Guided wave ultrasonic testing (GWT) has gotten a bad rap over the years, but is it truly deserved? Are there any advantages at all for this technology which could make it superior in certain use cases – or should it be avoided altogether? In this post we will explore why we think GWT has fallen out of favor and suggest where it could actually save a lot of time and money when used correctly.
First, a refresher
Guided Wave (also often referred to as GUL after the pioneers of the method, Guided Ultrasonics Limited) is a relatively recent NDT method in which a ring transducer array is attached around the circumference of a pipe to generate low frequency waves along the length in both directions. This ring array both emits the waves and records the echoes which indicate metal loss defects and their distance from the ring. The advantage of this method is that you can examine a large section of pipeline all at once without having to remove much insulation or excavate buried pipe. The effective range varies from about 10 meters to 35 meters depending on pipe condition, coatings, number or welds, and pipe contents.
So, what’s the issue?
In our opinion, Guided Wave was oversold as a fix-all magic bullet to the energy and chemical industries because you can screen a lot of pipe in one shot. Many inspection firms jumped on the bandwagon to offer GWT, but their technician training was rushed and/or inadequate leading to misuse. The end result was poor inspections and a collective eye-roll when you talk about GUL today.
I was at a refinery recently and they had inspected a buried pipe that went under a roadway. There were high expectations and in the end the results were very poor. The customer felt that they had been “oversold” and under delivered. When we pulled the inspection apart there were a number of areas where proper application for the technology would have lead to a positive result, most notable using the correct frequency for a long distances.
Errors like this contributed to a general distrust in the industry, which is unfortunate because it’s a fantastic tool when used where it can be successful.
Caveats and use cases for Guided Wave Ultrasonic Testing
First, GWT doesn’t stand alone and is not a “silver bullet.” You must understand the damage mechanism to apply the proper verification tool (UT, Visual, Creaform or Laser). You must understand the coatings and the weather conditions (high ambient temp alters coating viscosity which will impact readings. All of this is considered when setting expectations for the results. It’s not a “silver bullet” but it can provide invaluable information.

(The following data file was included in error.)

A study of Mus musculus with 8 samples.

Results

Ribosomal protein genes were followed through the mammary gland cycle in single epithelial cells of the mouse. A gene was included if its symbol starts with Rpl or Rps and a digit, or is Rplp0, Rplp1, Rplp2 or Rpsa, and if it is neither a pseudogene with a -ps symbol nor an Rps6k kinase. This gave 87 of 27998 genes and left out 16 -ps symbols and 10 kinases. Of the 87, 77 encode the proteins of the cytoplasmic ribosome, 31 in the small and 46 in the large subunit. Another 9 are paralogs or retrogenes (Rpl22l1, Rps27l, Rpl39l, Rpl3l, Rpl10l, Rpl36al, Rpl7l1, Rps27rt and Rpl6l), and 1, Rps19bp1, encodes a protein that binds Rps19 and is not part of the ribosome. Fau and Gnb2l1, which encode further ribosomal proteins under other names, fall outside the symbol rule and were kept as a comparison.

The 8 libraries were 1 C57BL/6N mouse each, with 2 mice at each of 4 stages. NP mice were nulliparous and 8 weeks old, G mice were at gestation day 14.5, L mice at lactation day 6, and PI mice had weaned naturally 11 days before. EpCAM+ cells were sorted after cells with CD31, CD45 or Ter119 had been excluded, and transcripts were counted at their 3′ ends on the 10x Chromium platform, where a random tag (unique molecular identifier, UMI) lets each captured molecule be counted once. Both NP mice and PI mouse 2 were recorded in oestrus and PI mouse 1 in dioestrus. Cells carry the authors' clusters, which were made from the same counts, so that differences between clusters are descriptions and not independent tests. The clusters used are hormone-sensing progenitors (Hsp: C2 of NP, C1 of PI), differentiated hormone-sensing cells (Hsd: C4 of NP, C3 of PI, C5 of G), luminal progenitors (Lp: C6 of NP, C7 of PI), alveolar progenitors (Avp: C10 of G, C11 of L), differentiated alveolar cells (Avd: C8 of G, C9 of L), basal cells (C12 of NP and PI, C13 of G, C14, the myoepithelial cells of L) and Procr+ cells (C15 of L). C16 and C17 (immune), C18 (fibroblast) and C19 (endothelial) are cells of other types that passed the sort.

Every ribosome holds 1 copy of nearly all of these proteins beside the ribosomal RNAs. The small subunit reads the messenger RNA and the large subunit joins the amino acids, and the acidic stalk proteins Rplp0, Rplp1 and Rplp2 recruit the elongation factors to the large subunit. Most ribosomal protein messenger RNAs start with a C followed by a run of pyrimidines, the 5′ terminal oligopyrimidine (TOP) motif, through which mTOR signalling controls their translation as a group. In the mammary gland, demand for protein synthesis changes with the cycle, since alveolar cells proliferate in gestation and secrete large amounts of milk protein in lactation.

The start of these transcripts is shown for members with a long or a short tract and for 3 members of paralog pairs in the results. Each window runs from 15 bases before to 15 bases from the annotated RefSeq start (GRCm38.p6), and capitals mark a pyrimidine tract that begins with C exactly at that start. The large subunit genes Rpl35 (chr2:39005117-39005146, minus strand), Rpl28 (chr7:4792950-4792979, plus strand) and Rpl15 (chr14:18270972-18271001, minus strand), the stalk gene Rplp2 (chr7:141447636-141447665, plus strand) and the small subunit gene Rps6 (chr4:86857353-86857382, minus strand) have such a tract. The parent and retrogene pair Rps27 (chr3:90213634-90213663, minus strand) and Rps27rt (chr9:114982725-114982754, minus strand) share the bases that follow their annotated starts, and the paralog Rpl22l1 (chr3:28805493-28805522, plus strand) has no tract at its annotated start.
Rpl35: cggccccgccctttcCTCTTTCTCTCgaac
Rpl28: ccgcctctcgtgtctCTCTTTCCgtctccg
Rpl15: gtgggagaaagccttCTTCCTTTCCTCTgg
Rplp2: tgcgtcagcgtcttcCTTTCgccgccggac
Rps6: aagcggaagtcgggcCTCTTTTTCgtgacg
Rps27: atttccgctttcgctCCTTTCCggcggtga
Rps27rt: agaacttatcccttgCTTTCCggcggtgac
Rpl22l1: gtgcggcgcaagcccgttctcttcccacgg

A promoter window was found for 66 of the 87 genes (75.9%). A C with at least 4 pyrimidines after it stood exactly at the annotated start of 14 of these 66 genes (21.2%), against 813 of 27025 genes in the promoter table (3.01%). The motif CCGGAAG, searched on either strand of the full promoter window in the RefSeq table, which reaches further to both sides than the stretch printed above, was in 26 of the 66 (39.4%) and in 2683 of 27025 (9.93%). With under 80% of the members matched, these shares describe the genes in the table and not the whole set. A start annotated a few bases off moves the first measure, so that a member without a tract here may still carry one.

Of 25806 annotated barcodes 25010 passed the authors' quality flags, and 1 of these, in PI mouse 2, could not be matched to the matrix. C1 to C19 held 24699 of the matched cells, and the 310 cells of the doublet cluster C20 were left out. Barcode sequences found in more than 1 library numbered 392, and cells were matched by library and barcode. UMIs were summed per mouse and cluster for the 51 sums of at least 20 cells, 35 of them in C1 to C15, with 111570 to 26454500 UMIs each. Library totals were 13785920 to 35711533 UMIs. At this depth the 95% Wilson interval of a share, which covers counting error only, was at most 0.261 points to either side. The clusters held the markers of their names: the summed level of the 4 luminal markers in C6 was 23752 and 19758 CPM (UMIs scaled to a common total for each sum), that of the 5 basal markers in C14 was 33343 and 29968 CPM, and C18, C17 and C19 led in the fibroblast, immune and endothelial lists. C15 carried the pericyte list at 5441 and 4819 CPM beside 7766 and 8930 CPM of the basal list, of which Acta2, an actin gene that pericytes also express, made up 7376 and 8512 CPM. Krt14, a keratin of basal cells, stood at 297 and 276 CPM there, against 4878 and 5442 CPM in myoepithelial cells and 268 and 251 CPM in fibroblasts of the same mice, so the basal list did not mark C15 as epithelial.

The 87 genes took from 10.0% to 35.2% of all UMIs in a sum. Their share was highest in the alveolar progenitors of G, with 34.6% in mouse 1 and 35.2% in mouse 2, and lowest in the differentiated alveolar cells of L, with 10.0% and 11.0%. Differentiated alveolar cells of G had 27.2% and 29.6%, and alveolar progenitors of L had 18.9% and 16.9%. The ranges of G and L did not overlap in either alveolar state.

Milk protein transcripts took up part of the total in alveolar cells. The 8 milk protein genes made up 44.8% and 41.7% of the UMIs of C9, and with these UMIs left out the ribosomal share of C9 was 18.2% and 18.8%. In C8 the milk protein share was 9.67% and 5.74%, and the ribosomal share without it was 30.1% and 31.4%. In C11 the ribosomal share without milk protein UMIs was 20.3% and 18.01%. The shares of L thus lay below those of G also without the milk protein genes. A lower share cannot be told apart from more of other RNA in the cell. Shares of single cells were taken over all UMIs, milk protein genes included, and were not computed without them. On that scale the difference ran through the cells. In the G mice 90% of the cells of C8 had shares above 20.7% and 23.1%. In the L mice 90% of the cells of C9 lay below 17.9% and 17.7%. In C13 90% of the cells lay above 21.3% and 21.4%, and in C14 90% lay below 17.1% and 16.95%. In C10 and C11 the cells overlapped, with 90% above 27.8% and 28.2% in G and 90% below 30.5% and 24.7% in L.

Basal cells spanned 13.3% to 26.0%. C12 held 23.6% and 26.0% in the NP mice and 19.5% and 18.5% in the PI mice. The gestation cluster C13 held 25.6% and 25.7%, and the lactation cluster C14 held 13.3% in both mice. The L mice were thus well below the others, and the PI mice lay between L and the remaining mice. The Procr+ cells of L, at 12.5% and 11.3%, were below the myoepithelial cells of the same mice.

Second, bends and connections (45’s, 90’s, Flanges, T’s, Valves) must be considered. Clean 90’s can be shot successfully but the rest require another method.
Third, success with Guided Wave is very dependent on the individual technician’s skill. The attention paid to training AND experience are therefore the main differentiator between firms offering GWT. Experience shooting GUL combined with confirmed indications makes a quality GUL tech.
Where GUL shines as an NDT method:
- Allows for safe inspection of unpiggable pipes
- GUL is recognized as an inspection method per Pipeline and Hazardous Materials Administration (PHMS – https://www.phmsa.dot.gov) for cased pipe.
- Buried and sub-sea lines can also be inspected much easier
- Superior at detecting pipe rack point-of-contact corrosion
- Soil-to-air interfaces can be checked without costly and time-consuming soil removal
- Under-road crossings might otherwise require excavation and traffic disruption can be accomplished at tremendous time and cost savings
- Heaters and boiler tubes can be checked much cheaper than using self-propelled pigs which can run in the six figures per inspection
- Helps achieve 100% coverage cost effectively – using traditional UT or RT your damage could be inches away from your inspection area and remain unidentified. GTW covers a wide area which is then confirmed with UT or RT.
There could be a large amount of pitting, corrosion, or moisture ingress undetected in your piping. Guided Wave provides a very cost-effective and rapid means of detecting issues that could lead to leakage, fire, explosion, or other disasters, but it has to be used right. We’d love a chance to show you how – please contact us to discuss your inspection needs and explore how GWT might be the perfect fit for your project.